India's government proposed to infuse an additional 410 billion rupees into some of the weakest state-run banks in the fiscal year ending March 31, 2019, as it sought to help them emerge from the central bank's prompt corrective action framework, a result which may lead to faster economic growth.
In a Dec. 20 statement, India's Finance Ministry said it was seeking parliamentary approval to boost its bank recapitalization plan to 1.060 trillion rupees from 650 billion rupees for the current fiscal year. The move, if approved, would allow the government to inject more than 830 billion rupees into state-run banks in the coming few months, the ministry noted.
The increased capital injection is aimed at helping banks meet regulatory capital requirements under the PCA framework. They include a capital to risk-weighted asset ratio of 9%, capital conservation buffer of 1.875% and a net nonperforming asset threshold of 6%.
Further, the additional capital would facilitate non-PCA banks that are in breach of some thresholds to meet the thresholds, as well as strengthen merging banks by providing regulatory and growth capital.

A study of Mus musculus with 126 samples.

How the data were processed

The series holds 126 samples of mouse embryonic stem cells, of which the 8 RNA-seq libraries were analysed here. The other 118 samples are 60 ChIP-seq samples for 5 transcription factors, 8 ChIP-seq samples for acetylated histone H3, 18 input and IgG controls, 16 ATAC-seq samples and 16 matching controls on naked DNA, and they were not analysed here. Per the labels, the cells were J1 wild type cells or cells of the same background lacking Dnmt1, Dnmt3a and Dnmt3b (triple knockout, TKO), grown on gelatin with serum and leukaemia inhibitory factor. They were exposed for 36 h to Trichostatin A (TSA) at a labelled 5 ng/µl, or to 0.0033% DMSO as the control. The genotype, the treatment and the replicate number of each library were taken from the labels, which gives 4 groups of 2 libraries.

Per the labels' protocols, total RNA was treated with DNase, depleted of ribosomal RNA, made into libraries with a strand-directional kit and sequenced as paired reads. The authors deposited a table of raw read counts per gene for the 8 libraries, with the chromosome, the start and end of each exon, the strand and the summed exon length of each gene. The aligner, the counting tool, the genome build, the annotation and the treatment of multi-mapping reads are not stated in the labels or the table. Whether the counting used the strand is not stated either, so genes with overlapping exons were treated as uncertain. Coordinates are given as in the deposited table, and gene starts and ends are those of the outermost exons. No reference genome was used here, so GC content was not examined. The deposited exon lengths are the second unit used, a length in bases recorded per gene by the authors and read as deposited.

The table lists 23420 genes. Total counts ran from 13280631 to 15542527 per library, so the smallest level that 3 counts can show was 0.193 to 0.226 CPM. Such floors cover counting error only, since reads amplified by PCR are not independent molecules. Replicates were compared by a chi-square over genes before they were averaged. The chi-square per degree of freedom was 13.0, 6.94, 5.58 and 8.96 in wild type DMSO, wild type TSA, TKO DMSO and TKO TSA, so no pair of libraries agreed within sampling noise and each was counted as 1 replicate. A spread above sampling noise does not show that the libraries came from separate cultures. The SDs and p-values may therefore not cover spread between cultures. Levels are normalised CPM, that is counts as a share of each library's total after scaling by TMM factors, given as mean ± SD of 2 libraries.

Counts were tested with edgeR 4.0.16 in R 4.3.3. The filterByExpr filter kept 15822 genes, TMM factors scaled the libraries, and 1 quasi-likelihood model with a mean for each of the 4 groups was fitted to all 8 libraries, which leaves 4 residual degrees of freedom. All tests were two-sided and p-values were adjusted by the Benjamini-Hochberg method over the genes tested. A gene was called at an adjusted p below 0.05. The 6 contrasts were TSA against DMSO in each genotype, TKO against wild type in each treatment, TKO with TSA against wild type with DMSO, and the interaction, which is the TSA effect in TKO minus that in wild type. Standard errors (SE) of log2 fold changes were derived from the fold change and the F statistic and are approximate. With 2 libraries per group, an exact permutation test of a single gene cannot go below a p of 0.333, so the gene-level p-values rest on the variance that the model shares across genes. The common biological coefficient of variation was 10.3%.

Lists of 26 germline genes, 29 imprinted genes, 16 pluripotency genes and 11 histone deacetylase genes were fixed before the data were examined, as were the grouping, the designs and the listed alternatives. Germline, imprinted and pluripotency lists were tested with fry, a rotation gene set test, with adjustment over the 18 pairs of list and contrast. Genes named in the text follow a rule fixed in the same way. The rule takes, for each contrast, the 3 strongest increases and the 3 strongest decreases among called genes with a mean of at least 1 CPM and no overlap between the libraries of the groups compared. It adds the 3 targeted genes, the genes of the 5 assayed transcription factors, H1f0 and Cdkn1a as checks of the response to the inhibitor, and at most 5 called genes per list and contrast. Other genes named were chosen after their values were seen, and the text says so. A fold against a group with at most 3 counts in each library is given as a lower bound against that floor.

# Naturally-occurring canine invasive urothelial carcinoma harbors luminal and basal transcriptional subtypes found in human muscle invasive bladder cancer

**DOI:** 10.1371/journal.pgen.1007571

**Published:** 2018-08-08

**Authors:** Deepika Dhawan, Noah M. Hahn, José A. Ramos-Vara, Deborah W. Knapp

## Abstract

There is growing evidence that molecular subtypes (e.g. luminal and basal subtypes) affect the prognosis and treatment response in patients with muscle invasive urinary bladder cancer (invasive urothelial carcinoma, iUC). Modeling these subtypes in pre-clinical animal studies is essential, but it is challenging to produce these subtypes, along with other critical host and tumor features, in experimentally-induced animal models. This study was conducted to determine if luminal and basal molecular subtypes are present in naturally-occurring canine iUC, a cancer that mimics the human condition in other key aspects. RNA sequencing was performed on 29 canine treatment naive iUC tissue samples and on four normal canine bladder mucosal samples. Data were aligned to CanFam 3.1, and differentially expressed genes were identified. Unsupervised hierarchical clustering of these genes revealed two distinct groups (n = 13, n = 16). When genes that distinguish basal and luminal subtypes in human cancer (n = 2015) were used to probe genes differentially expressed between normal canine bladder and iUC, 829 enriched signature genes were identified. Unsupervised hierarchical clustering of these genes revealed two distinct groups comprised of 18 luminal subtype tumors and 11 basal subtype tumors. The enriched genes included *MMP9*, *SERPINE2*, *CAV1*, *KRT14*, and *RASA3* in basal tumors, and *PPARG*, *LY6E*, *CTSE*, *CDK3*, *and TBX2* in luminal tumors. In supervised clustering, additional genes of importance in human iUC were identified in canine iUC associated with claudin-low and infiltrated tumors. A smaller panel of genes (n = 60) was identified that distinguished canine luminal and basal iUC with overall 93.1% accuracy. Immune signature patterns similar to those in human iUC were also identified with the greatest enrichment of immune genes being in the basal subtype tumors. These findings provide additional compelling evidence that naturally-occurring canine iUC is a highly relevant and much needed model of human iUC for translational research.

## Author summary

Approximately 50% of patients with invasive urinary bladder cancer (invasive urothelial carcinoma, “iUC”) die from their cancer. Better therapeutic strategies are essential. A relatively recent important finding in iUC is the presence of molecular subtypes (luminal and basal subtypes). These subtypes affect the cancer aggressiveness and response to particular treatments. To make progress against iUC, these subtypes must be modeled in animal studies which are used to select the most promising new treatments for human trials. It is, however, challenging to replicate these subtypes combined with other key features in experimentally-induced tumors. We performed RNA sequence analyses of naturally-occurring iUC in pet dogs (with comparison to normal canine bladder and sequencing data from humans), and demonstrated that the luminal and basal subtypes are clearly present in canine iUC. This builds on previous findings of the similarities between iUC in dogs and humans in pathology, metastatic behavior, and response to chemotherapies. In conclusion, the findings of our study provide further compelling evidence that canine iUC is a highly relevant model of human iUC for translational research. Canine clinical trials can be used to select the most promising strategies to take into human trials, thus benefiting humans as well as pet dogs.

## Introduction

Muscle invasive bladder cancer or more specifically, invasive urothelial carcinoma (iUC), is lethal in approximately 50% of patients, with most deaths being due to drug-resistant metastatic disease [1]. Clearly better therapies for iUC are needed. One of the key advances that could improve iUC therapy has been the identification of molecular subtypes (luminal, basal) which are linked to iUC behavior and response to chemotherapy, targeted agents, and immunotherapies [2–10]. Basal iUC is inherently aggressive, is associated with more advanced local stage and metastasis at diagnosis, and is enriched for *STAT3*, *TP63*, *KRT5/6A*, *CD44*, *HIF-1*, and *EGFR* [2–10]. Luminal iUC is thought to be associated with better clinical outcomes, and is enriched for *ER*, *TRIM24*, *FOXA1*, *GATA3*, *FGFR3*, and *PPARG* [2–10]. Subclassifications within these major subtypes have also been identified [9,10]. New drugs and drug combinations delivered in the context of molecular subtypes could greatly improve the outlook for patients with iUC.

India's central bank placed 11 banks under the PCA framework between February 2014 and January 2018, Mint reported. The framework is aimed at facilitating struggling banks to take measures to restore their financial health. Banks are placed under the framework when they breach regulatory norms such as minimum capital and amount of nonperforming assets. The central bank imposes lending restrictions on lenders that are placed under the framework.
As of Dec. 20, US$1 was equivalent to 69.99 Indian rupees.